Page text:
A study conducted by Joanne Wood of the University of Waterloo in Canada seems to to show that the power of positive thinking cuts both ways: if you think highly of yourself to begin with, positive thinking reinforces your sense of well-being, but you start with low-self-esteem, positive thoughts meant to encourage you only end up depressing you further.  The researchers

questioned a group of 68 men and women using long-accepted methods to measure self-esteem. The participants were then asked to spend four minutes writing down any thoughts and feelings that were on their minds. In the midst of this, half were randomly assigned to say to themselves “I am a lovable person” every time they heard a bell ring.

Immediately after the exercise, they were asked questions such as “What is the probability that a 30-year-old will be involved in a happy, loving romance?” to measure individual moods using a scoring system that ranged from a low of zero to a high of 35. Past studies have indicated that optimistic answers indicate happy moods.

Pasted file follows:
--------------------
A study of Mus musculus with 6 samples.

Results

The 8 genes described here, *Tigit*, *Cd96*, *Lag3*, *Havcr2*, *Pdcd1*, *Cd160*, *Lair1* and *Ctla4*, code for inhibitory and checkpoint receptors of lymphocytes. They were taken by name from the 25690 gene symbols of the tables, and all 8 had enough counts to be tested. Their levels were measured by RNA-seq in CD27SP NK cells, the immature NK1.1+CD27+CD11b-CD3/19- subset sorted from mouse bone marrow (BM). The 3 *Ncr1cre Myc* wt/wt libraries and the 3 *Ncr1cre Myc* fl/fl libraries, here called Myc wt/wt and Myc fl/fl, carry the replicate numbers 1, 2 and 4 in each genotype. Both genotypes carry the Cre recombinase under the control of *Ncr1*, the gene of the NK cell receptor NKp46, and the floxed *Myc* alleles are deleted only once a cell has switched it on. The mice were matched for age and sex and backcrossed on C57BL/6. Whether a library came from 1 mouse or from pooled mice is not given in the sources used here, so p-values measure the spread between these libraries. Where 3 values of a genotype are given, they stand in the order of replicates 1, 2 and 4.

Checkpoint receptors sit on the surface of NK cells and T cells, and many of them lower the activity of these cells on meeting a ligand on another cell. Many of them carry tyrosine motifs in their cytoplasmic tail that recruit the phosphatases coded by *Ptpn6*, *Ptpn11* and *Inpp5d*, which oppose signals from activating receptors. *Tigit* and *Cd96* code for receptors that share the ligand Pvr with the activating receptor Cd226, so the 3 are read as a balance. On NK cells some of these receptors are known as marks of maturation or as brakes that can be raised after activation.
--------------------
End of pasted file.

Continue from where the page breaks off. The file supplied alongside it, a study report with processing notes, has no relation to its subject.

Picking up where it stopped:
As the researchers report in Psychological Science, those with high self-esteem who repeated “I’m a lovable person” scored an average of 31 on their mood assessment compared with an average of 25 by those who did not repeat the phrase. Among participants with low self-esteem, those making the statement scored a dismal average of 10 while those that did not managed a brighter average of 17.

Dr Wood suggests that positive self-statements cause negative moods in people with low self-esteem because they conflict with those people’s views of themselves. When positive self-statements strongly conflict with self-perception, she argues, there is not mere resistance but a reinforcing of self-perception. People who view themselves as unlovable find saying that they are so unbelievable that it strengthens their own negative view rather than reversing it. Given that many readers of self-help books that encourage positive self-statements are likely to suffer from low self-esteem, they may be worse than useless.